Rethinking Soave

Soave is a wine with an image problem. In the bad old days for Italian wines, mass-produced Soave lurked on the bottom shelf of supermarket Italian wine fixtures at very low prices, and correspondingly low quality levels. For such wines, neutrality was an asset.

But just as regions such as Chianti and Valpolicella have enjoyed a resurgence in interest in (and the quality of) their wines, so has Soave. Increasingly, the best wines are highly sought-after, and justifiably so.

The Soave region is located to the east of Verona, on the gentle slopes of the Lessini Hills (also home to Valpolicella). As with other famous Italian DOCs is centered on a ‘Classico’ zone that is Soave’s heartland and where the majority of the finest wines come from. Soave is the spiritual home of the Garganega variety, and although it is commonly blended with Trebbiano it is Garganega that provides Soave with its most distinctive wines.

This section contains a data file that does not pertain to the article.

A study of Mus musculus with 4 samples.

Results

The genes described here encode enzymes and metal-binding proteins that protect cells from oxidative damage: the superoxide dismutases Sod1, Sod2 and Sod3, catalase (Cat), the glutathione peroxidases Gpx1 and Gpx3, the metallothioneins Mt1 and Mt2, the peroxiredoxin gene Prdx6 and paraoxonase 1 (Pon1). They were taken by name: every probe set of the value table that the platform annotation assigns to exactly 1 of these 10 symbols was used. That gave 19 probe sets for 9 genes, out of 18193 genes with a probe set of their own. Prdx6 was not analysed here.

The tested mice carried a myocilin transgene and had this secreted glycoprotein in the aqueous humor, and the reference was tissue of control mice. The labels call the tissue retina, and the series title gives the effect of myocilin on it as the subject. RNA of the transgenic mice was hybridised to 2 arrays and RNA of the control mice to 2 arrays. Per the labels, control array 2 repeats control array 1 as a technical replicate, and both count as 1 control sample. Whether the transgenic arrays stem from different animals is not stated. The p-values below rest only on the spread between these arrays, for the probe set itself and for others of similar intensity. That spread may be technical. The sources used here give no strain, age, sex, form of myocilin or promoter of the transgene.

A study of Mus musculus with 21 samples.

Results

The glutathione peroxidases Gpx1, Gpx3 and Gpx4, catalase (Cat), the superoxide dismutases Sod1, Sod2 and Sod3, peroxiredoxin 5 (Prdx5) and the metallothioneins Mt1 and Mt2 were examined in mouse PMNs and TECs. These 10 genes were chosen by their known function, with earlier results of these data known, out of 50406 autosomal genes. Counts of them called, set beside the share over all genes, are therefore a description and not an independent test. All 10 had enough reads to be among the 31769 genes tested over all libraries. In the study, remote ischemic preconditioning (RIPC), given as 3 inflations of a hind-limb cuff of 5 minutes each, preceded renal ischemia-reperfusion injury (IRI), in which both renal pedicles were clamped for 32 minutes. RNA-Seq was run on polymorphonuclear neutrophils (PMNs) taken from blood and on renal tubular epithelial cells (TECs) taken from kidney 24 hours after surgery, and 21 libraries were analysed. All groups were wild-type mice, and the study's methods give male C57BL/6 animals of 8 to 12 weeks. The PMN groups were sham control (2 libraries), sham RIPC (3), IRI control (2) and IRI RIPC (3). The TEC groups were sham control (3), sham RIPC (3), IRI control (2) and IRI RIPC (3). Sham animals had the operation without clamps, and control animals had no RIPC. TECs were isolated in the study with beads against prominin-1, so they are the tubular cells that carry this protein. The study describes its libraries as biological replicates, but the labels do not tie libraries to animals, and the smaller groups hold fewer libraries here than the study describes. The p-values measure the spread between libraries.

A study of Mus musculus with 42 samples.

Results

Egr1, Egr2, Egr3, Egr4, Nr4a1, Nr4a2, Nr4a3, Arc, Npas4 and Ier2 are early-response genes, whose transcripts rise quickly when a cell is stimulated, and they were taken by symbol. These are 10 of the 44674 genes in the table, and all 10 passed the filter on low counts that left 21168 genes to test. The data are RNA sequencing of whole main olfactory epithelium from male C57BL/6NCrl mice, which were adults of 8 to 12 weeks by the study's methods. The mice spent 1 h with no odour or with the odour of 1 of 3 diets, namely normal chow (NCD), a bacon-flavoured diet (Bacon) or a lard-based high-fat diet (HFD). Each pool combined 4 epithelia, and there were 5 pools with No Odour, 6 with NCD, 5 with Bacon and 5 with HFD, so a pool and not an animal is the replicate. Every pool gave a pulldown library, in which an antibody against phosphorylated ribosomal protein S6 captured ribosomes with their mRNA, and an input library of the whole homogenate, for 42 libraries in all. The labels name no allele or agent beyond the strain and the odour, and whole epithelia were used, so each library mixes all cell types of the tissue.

The best wines have a texture that is soft and creamy but with a pleasant freshness, with aromas of flowers, minerals and apples. Some producers use a limited amount of oak ageing, as well as extended lees contact, to enhance the complexity of their wines, which may come from late-picked grapes to increase richness.

We do receive a small allocation from Pieropan, probably Soave’s most respected producer, which disappears very quickly (and rightly so – it’s fantastic), but the wine you should be seeking out at your local store at the moment is the Soave Classico from Inama. Made from 100% Garganega, there’s a lovely balance of freshness and complexity. I enjoy it as a treat with summery salads; it would go down a storm at an al fresco dinner party. There’s 20% off when you buy any 2 bottles of Italian wine this summer, bringing this down from £12.49 to £9.99 – it’s more than a match for, say, an equivalent priced white Burgundy.